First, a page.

1. Overview

In this article, we’ll be looking at the Jasypt (Java Simplified Encryption) library.

Jasypt is a Java library which allows developers to add basic encryption capabilities to projects with minimum effort, and without the need of having an in-depth knowledge about implementation details of encryption protocols.

2. Using Simple Encryption

Consider we’re building a web application in which user submits an account private data. We need to store that data in the database, but it would be insecure to store plain text.

One way to deal with it is to store an encrypted data in the database, and when retrieving that data for a particular user decrypt it.

To perform encryption and decryption using a very simple algorithm, we can use a BasicTextEncryptor class from the Jasypt library:

BasicTextEncryptor textEncryptor = new BasicTextEncryptor();
String privateData = "secret-data";

Then we can use an encrypt() method to encrypt the plain text:

String myEncryptedText = textEncryptor.encrypt(privateData);
assertNotSame(privateData, myEncryptedText);

If we want to store a private data for given user in the database, we can store a myEncryptedText without violating any security restrictions. Should we want to decrypt data back to a plain text, we can use a decrypt() method:

String plainText = textEncryptor.decrypt(myEncryptedText);
assertEquals(plainText, privateData);

We see that decrypted data is equal to plain text data that was previously encrypted.

3. One-way Encryption

The previous example is not an ideal way to perform authentication, that is when we want to store a user password. Ideally, we want to encrypt the password without a way to decrypt it. When the user tries to log into our service, we encrypt his password and compare it with the encrypted password that is stored in the database. That way we do not need to operate on plain text password.

We can use a BasicPasswordEncryptor class to perform the one-way encryption:

String password = "secret-pass";
BasicPasswordEncryptor passwordEncryptor = new BasicPasswordEncryptor();
String encryptedPassword = passwordEncryptor.encryptPassword(password);

Then, we can compare an already encrypted password with a password of a user that perform login process without a need to decrypt password that is already stored in the database:

boolean result = passwordEncryptor.checkPassword("secret-pass", encryptedPassword);


4. Configuring Algorithm for Encryption

We can use a stronger encryption algorithm but we need to remember to install Java Cryptography Extension (JCE) Unlimited Strength Jurisdiction Policy Files for our JVM (installation instructions are included in the download).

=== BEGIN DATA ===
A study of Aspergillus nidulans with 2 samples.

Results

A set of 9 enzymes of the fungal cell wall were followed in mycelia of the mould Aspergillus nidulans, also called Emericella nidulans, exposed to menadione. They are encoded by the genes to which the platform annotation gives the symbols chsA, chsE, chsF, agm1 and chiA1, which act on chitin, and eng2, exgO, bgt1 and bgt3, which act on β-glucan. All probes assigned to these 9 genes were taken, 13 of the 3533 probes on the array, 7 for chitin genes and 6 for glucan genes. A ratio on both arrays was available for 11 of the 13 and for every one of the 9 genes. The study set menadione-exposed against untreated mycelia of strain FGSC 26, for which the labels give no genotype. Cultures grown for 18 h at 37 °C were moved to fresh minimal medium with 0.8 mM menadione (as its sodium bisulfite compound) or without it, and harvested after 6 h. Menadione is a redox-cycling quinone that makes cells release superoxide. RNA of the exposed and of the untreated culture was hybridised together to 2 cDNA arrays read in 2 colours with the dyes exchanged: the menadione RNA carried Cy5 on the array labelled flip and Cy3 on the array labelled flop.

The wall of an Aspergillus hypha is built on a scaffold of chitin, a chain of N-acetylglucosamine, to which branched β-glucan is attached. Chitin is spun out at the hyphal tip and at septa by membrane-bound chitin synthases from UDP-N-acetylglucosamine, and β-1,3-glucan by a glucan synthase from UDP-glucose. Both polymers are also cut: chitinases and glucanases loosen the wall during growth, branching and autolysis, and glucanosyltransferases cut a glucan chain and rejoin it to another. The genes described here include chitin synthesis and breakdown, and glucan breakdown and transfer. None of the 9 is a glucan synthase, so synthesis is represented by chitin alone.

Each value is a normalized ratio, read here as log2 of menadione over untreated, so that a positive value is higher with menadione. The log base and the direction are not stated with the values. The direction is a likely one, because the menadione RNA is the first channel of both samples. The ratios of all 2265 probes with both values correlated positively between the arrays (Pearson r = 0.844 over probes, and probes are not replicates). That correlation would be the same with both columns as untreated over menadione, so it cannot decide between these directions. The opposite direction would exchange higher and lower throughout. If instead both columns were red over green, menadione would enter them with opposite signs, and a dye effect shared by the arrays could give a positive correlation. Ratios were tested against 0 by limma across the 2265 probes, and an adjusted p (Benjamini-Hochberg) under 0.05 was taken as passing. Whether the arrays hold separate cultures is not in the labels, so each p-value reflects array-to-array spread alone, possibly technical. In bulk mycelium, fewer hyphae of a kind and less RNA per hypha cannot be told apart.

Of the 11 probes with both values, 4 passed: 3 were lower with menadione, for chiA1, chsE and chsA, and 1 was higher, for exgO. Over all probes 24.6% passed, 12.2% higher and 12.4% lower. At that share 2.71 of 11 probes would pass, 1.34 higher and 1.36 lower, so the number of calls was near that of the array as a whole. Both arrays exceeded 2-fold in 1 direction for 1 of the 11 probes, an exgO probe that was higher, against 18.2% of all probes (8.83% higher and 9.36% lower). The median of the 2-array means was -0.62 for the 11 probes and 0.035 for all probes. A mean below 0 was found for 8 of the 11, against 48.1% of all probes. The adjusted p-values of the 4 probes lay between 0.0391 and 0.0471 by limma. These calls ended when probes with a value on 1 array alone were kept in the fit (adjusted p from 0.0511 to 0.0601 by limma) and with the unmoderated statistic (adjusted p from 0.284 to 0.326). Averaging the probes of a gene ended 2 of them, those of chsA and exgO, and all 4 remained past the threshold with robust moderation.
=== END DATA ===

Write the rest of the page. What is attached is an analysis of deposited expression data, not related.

In Jasypt we can use strong encryption by using a StandardPBEStringEncryptor class and customize it using a setAlgorithm() method:

StandardPBEStringEncryptor encryptor = new StandardPBEStringEncryptor();
String privateData = "secret-data";

Let’s set the encryption algorithm to be PBEWithMD5AndTripleDES.

Next, the process of encryption and decryption looks the same as the previous one using a BasicTextEncryptor class:

String encryptedText = encryptor.encrypt(privateData);
assertNotSame(privateData, encryptedText);

String plainText = encryptor.decrypt(encryptedText);
assertEquals(plainText, privateData);

5. Using Multi-Threaded Decryption

When we’re operating on the multi-core machine we want to handle processing of decryption in parallel. To achieve a good performance we can use a PooledPBEStringEncryptor and the setPoolSize() API to create a pool of digesters. Each of them can be used by the different thread in parallel:

PooledPBEStringEncryptor encryptor = new PooledPBEStringEncryptor();

It’s good practice to set pool size to be equal to the number of cores of the machine. The code for encryption and decryption is the same as previous ones.

6. Usage in Other Frameworks

A quick final note is that the Jasypt library can be integrated with a lot of other libraries, including of course the Spring Framework.

We only need to create a configuration to add encryption support into our Spring application. And if we want to store sensitive data into the database and we are using Hibernate as the data access framework, we can also integrate Jasypt with it.

Instructions about these integrations, as well as with some other frameworks, can be found in the Guides section on the Jasypt’s home page.

7. Conclusion

In this article, we were looking at the Jasypt library that helps us create more secure applications by using an already well know and tested cryptography algorithms. It is covered with the simple API that is easy to use.

The implementation of all these examples and code snippets can be found in the GitHub project – this is a Maven project, so it should be easy to import and run as it is.